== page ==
5 min read

Packing a Punch

High-achieving, hard-hitting Ellie Harbinson is a force to be reckoned with, and doesn’t plan to let anything stop her, least of all her gender.

She says: “As a female boxer, you can get judged very quickly, but there are a lot of female boxers out there now, and the likes of Katie Taylor are bringing it higher.” Laughing, she adds: “Some men have judged me for doing it and don’t think I’m any good because I’m a ‘girl,’ but they soon find out once we start sparring!”

Boxing is in Ellie’s blood: her great grandad was a bare knuckle boxing champion, her uncle boxed in the army, and her mother always loved to box for her own pleasure. Perhaps unsurprisingly, Ellie began young.

She says: “I started cage fighting at age 10, moving into kickboxing, sport karate, Thai boxing, and boxing. My mum took me to my first class and I was hooked from the very first day.”

At 22, Ellie has already achieved more than many people do in a lifetime. In kickboxing, she has been part of Team Great Britain, Midlands champion, six-time British champion and twice world champion, as well as working as a kickboxing coach and achieving her 1st Dan black belt. Now, Ellie is turning her considerable combat talents towards boxing.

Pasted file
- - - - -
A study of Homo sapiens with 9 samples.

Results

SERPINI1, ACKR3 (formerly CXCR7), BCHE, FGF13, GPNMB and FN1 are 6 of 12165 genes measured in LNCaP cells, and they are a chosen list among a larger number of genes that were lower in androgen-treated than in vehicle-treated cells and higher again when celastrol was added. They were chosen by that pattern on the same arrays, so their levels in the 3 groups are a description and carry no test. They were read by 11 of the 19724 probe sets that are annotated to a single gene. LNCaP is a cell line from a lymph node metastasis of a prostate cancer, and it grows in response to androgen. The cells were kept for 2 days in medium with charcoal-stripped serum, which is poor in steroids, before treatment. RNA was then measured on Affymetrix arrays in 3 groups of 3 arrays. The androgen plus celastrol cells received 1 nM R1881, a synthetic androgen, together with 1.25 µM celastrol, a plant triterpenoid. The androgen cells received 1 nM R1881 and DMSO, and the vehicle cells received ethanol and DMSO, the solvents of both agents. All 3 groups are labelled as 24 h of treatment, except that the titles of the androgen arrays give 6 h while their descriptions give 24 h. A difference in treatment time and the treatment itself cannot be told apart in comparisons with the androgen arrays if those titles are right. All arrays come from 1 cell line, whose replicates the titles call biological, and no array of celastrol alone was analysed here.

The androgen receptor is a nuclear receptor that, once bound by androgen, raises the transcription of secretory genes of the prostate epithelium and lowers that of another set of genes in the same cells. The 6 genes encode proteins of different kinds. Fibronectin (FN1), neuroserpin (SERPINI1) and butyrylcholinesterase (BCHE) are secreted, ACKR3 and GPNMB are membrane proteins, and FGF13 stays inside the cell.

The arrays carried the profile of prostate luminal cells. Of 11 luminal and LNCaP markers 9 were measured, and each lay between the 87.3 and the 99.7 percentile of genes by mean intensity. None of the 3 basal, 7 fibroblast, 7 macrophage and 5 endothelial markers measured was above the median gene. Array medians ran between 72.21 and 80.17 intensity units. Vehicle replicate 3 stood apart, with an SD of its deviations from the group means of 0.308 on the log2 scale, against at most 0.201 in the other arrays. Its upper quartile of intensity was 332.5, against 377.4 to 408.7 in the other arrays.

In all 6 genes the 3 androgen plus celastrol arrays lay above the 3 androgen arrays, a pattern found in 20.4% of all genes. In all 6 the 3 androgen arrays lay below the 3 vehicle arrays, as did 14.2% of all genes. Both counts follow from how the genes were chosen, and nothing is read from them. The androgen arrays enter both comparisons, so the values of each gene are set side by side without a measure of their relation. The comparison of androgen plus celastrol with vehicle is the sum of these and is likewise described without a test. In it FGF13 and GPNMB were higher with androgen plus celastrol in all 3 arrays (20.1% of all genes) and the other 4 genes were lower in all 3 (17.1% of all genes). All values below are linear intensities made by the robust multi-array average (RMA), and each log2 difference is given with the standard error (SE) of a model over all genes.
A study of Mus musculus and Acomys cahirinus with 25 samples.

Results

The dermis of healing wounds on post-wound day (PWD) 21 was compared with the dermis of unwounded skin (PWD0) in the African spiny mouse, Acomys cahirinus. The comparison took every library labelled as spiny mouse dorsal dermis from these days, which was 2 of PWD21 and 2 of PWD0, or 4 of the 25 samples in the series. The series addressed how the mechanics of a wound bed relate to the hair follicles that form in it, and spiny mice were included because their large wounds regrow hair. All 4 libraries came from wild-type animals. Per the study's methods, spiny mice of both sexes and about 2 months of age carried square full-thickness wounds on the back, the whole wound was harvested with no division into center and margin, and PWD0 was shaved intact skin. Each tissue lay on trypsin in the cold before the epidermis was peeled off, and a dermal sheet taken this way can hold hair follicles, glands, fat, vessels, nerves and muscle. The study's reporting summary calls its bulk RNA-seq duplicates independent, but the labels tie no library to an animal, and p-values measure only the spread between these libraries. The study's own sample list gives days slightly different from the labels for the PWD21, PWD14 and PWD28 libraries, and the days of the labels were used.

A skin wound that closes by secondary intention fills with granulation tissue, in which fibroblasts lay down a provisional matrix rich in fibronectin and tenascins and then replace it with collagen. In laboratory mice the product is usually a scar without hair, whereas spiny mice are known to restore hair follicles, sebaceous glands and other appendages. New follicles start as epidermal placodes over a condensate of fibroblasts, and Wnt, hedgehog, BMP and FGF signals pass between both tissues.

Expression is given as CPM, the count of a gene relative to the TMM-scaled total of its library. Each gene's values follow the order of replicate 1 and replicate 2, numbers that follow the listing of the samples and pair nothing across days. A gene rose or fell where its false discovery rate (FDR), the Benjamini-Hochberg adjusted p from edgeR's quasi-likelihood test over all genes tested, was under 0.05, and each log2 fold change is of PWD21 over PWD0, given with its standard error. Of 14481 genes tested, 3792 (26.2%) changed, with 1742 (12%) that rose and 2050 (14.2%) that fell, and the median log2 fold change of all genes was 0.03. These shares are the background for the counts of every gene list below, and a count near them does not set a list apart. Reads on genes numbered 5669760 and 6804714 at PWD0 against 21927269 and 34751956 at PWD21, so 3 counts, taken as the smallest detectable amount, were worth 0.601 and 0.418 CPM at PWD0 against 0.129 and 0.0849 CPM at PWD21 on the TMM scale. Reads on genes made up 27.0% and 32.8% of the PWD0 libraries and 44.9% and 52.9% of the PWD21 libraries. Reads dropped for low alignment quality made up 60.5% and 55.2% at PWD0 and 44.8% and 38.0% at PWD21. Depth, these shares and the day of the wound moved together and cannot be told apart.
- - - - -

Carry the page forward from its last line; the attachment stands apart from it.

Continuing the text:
Don’t let anyone knock your confidence for trying a male-dominant sport.

She continues: “I originally started boxing alongside kickboxing to strengthen and speed up my hands. I was always getting warned when fighting for not picking my legs up as well as throwing my hands, as I felt I was more of a boxer. I achieved my black belt and won two world titles and I couldn’t really go any further, apart from win more titles.

“I felt I needed something new to achieve, so I left the GB squad and just boxed instead.”

While the Covid-19 pandemic plus Ellie’s studying of a degree in Physical Education has meant that her training has taken a back seat over the last couple of years, she has high hopes for her future in boxing. She wants to make team Great Britain, to fight major tournaments including the Olympics, to go professional, win titles, and be an inspiration to other females who box.

When asked what she would say to any women who are thinking of entering the ring, Ellie adds: “Get down to your local gym, be confident, and throw yourself into it. Don’t let anyone knock your confidence for trying a male-dominant sport.

“There are men who do gymnastics, so go for it!”